13,000 trees in Slovenia as the Triglav Glacier travels to Beijing
The Toli project, the journey of a piece of the Triglav Glacier to the venue of the Winter Olympic Games in Beijing, has been upgraded, with a green aspect added today in Slovenia. A tree will be planted for every kilometre travelled, and there will be a total of at least 13,000, the Olympic Committee of Slovenia (OKS) announced.
The OKS launched the Toli project on 17 December, when a piece of the Triglav Glacier, which was taken as part of regular sampling and which will be shown at an exhibition in Beijing as a warning of the impact of climate change, began its journey to China. Now the tree aspect, i.e. afforestation of affected areas in Slovenia has been added to the campaign. The OKS said that, in cooperation with the brewery Pivovarna Laško Union as the partner in the project, one tree will be planted for each kilometre travelled by the ice sample.
The planted young trees will cover a total area of five hectares. According to the calculations of the Energy Efficiency Centre of the Jožef Stefan Institute, the trees will need approximately seven months to capture the total amount of CO2 generated during the organisation and implementation of the project.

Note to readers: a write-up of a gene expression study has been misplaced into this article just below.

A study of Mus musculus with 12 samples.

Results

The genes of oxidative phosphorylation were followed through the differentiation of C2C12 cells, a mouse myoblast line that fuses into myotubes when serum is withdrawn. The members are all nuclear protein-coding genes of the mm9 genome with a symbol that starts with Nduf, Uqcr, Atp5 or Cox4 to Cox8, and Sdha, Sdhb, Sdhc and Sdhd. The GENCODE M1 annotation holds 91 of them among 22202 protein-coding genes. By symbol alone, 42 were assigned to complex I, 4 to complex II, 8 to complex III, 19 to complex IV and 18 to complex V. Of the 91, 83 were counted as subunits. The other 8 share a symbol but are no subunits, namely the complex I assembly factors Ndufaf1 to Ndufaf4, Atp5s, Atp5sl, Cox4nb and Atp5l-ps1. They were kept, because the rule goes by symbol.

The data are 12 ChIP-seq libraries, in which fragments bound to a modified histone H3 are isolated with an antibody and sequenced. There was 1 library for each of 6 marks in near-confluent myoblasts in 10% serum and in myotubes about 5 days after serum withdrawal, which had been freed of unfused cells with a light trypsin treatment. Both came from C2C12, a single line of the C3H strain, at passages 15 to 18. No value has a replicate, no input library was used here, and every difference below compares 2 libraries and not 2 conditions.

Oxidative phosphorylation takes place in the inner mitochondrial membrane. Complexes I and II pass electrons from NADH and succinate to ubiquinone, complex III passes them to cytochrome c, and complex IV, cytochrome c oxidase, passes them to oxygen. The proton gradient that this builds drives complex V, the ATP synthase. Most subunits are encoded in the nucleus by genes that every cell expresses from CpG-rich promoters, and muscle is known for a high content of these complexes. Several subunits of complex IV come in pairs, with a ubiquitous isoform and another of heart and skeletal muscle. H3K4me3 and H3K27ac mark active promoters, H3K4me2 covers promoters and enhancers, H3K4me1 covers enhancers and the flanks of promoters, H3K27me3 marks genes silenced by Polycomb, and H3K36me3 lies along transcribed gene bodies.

The OKS added that the piece of the glacier, which was named Toli before the start of the campaign, has so far travelled 5,720 kilometres of the planned route. The European portion of the journey has already ended, and in Russia it has visited Saint Petersburg and Moscow. In addition to raising awareness about the disappearance of glaciers, the team in the hybrid vehicle led by Ciril Komotar will document examples along the way of good practices in the transition to a low-carbon society and learn about simple approaches to a more sustainable life for individuals.
The team may also face logistical difficulties on the way to Beijing due to possible regime changes at border crossings and low temperatures. The OKS has nevertheless noted that additional trees will be planted for every additional kilometre over the originally planned 13,000.